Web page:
Monday, April 14, 2014

pool (no water)—theatrevertigo—SE Portland

The Gang’s All Here

This “event” takes place “inside the pool” at the shoebox theatre at 2110 SE 10th Ave.  It is written by Mark Ravenhill and directed by Samantha Van Der Merwe.  It runs through May 10th.  For more information, contact their site at  They also have a next season announcement party at Vie de Boheme on April 23rd, which might be worth checking out.

This might be more accurately described as an event or awaking, rather than a play, as the audience is seated within the set (an empty swimming pool) and the actors talk to the audience (like a Greek chorus in days of old) as much as they converse with each other.  The atmosphere/set (Ted Jonathan Gold) is chillingly realistic (all they needed was the scent of chlorine). 

Unfortunately, pools evoke bad memories for me, as I was a sinker, not a swimmer.  Swimming, to me, was keeping alive in water.  Which might not be a bad metaphor for the story, except that one may be drowning…without water, possibly one of the points of the play.  If you dive into a pool, and can swim, you have a reasonably good chance of surviving, maybe even enjoying the experience.  But, if you dive in, without water, there will be crippling, if not fatal, results.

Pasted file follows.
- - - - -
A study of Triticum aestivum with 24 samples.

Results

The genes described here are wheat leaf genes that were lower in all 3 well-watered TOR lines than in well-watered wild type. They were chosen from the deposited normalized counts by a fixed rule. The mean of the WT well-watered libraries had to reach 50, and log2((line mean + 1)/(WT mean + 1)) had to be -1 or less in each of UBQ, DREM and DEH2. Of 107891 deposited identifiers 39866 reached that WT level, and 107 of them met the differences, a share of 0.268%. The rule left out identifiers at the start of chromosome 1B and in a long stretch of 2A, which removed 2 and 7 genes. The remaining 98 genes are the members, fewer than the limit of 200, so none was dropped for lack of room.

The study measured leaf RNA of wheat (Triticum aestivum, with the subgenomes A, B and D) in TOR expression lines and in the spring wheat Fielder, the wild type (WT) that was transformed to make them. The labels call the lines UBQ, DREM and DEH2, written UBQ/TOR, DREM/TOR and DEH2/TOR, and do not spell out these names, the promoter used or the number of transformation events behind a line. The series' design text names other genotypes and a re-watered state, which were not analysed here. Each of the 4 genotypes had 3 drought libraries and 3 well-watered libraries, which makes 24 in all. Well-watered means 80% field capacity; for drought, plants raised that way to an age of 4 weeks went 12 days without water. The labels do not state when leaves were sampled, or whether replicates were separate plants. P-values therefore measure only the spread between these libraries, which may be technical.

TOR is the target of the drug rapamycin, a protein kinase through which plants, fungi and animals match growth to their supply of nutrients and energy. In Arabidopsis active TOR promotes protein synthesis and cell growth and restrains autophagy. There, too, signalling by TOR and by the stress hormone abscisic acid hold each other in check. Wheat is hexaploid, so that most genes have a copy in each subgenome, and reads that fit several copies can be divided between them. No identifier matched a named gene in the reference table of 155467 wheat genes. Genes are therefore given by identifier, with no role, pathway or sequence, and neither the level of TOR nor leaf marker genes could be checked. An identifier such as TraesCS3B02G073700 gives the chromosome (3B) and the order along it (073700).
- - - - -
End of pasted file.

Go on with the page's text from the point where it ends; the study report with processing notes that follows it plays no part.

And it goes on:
The story seems to center around a star or model, who is famous for her photos.  She has a band of hangers-on that revel in her shadow, but will never be truly great on their own.  They are the typical yes-men, druggies, lapdogs, toy boys (girls), et. al. that hang out with such celebs, licking the crumbs from her table.  On the surface, they dote on her.  Underneath, they loathe her (and probably, themselves, for being so dependent on her).

One fateful day, she dives into her pool which has, unfortunately, been drained of water.  Her broken and scarred limbs are on display for weeks in a hospitable bed, as she is in a coma.  But, art will out, and her “friends” see this as a photo opt.  So, with faithful camera in hand, arrange her limbs in “artistic” ways and take pics of her.  Their time has finally come, they echo, and now they will be famous on their own.  But a tiger cannot change its stripes, nor a piranha, its bite.  To tell more would not be good form for a reviewer but it leads to a bittersweet ending.

I am not able to reveal actual actors as relation to characters, as they all (except the model) play numerous roles, and there are no photos of them in the program.  But they are equally good (Christy Bigelow, Stephanie Cordell, Nathan Dunkin, Joel Harmon, Tyler Ryan, Holly Wigmore and R. David Wyllie).  The lead of the piece is beautiful, as the role as a model calls for, and does good in the acting department, an attribute a star should have.  All the rest are quite inventive, too.
Van Der Merwe has no easy task in assembling this piece of art itself.  It does move, flow, like an artistic piece should and will leave its viewers as to their own reflections.  And the set (Gold), as mentioned, is really the star of the piece.  It is really quite original and very appropriate to the play.  And the choreography/movement, by Jessica Wallenfels, adds beautifully to the piece.

I recommend this play but it is adult in nature.  If you do choose to go, please tell them Dennis sent you.